Amid Opposition To Tyson Plant, Leavenworth County Board Drops Support For Bonds
Editor’s note: This story was updated at 6 p.m. Sept. 18.
The Leavenworth County Commission on Monday morning backed off its support for a controversial chicken processing plant, throwing the future of the massive project into doubt.
The commission voted 2-1 on a motion by Clyde Graeber to formally rescind a resolution that would have paved the way for $500 million in bonds to be issued for construction of the Tyson Foods plant near the Leavenworth County town of more than 5,000. Graeber unexpectedly resigned, effective Sept. 28, at the conclusion of the meeting, citing health problems.
Bob Holland, the dissenting vote Monday, had visited a Tyson facility and is the only one of the three to have had contact with the company.
Commission Chairman Doug Smith said, though the county has preliminary agreements with Atlas Energy with Suburban Water to supply utilities to the plant, the developers have not yet applied for the needed rezoning of the proposed site.
"It was announced everyone (would) start building in 90 days and they have not been to zoning," Smith said.
It could be December before any county rezoning application could come up for approval. The commission promised future consideration of permits or incentives for the Tyson plant would be held in open session.
The shift comes after a heated town hall meeting hosted Friday by several Kansas lawmakers in Tonganoxie that drew more than 2,000 people.
State Rep. Willie Dove, a Bonner Springs Republican, said Monday that residents are frustrated, in part, because Tyson and local officials involved in the proposal have not been transparent.
“They deserve some answers,” he said. “And this is how people react when they don’t have enough answers to a particular question they keep asking over and over.”
State and local officials had put the deal together for the chicken plant without public input before Gov. Sam Brownback unveiled it earlier this month.
It’s unclear if Tyson will move forward without the promise of the county bonds.
Before Friday’s town hall meeting at a Tonganoxie park, the three host legislators said they weren’t taking a position on the plan until they had more information.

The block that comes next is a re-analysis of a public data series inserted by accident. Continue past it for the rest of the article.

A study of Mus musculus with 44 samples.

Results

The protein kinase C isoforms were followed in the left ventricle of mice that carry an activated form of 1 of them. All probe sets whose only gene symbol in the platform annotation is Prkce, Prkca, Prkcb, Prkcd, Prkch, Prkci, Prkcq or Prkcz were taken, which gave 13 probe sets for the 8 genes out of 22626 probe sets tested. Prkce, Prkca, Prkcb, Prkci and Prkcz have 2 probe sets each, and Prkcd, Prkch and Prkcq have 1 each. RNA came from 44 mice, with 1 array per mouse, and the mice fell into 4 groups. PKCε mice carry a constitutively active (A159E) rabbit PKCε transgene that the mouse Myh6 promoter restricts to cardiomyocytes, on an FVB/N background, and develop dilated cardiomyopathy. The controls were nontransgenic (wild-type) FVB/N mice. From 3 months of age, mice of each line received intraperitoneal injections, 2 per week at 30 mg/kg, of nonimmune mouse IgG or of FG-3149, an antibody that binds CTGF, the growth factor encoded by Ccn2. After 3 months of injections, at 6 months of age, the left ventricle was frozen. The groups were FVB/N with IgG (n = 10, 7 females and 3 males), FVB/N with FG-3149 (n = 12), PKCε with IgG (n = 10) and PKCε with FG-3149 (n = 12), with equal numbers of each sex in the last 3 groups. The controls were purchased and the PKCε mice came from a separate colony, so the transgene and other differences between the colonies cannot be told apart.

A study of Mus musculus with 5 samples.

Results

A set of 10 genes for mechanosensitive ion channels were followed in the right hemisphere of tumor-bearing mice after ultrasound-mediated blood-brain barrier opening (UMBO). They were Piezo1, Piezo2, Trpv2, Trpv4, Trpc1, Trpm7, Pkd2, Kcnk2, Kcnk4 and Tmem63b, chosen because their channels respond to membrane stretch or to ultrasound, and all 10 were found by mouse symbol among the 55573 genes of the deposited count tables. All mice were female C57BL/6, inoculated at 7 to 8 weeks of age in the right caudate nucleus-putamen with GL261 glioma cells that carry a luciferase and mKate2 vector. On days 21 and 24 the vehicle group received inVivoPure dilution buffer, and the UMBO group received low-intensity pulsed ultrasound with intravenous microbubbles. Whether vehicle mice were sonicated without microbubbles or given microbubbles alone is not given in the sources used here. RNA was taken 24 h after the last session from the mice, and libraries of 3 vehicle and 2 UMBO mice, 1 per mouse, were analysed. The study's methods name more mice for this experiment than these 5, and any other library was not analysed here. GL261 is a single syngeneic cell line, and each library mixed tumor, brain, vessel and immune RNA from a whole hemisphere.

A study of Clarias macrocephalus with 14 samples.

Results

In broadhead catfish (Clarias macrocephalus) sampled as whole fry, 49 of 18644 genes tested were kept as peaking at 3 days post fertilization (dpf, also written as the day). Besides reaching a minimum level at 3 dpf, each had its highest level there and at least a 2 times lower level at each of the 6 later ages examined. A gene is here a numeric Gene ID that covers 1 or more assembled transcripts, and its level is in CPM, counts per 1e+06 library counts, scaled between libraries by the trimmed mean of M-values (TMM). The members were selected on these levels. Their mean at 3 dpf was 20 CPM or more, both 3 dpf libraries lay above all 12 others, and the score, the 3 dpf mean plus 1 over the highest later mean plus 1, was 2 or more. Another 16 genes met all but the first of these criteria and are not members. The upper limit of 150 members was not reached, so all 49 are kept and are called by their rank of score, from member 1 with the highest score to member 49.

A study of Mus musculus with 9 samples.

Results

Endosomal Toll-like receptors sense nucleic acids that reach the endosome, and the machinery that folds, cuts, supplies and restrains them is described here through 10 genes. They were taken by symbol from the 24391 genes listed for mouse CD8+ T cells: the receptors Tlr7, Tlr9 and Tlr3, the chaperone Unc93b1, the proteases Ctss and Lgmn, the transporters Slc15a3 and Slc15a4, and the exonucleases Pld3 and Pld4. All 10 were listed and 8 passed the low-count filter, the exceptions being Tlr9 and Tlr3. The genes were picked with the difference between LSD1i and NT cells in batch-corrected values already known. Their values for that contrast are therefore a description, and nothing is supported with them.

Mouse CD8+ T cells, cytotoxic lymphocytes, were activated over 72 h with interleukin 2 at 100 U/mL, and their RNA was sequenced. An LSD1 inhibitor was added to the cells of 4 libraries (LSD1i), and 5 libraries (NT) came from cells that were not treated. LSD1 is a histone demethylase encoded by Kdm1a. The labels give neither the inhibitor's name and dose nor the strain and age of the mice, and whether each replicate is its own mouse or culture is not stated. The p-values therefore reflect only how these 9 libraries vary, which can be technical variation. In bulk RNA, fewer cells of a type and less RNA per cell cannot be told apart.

But during the meeting they heard a steady stream of concerns about issues, including odors and pollution.
“It means for at least 10 years and longer, our culture in this area will revolve around chicken farms and low-paying jobs. Is that the best you can do in our area?” one woman said from the stage to cheers from the people gathered.
No one at Friday’s meeting spoke in favor of the plan, and the outpouring of opposition caused Dove and the other two host lawmakers to announce they were taking a stand. The legislators said at the end of Friday’s meeting that they were now firmly against the plant.
“We were patiently waiting for someone in the crowd to come up and say something about this, that they thought it was a good thing. No one came forward,” Dove said.
Dove and the other lawmakers on the panel said they have concerns about a lack of transparency in the development of the proposal. The plan, including state and local economic incentives, was drafted behind closed doors and made public at an event earlier this month.
“It didn’t seem like something that was properly done in the first place,” Dove said.
Republican Rep. Jim Karleskint of Tonganoxie said he’s heard concerns from people that the project can’t be stopped at this stage.
“Many of you fear this is a done deal, we don’t have any choice. Folks, we do have a choice,” Karleskint said, which elicited cheers from the crowd.
The lawmakers disagreed on what their role could be. Dove said they don’t have authority in the process and the next steps to approve the plant would be made at the county level.
However, Democratic Sen. Tom Holland of Baldwin City said if the plan is not stopped at the county level, he’ll consider legislation to block state incentives for the plant or to give local residents more say.
“I understand that Kansas is an agricultural state, and agriculture drives the business here,” Holland said. “However, we need to be sensitive as state lawmakers to communities’ wishes. Tonganoxie has literally gotten run over.”
The facility would produce trays of chicken to be sold at grocery stores. Tyson officials say the plant would employ 1,600 people and process more than 1 million birds per week.
When the plan was announced, Brownback hailed the project as important economic development and said it was “a great day for Kansas.”
“Growing Kansas means we must grow the food and agriculture sector, which accounts for nearly 45 percent of the state’s economy,” Brownback said at the time. “This is a step in the right direction to further diversify and grow our state’s economy.”
Kyle Palmer and Amy Jeffries of KCUR contributed to this report.
Stephen Koranda is Statehouse reporter for Kansas Public Radio, a partner in the Kansas News Service. Follow him on Twitter @kprkoranda.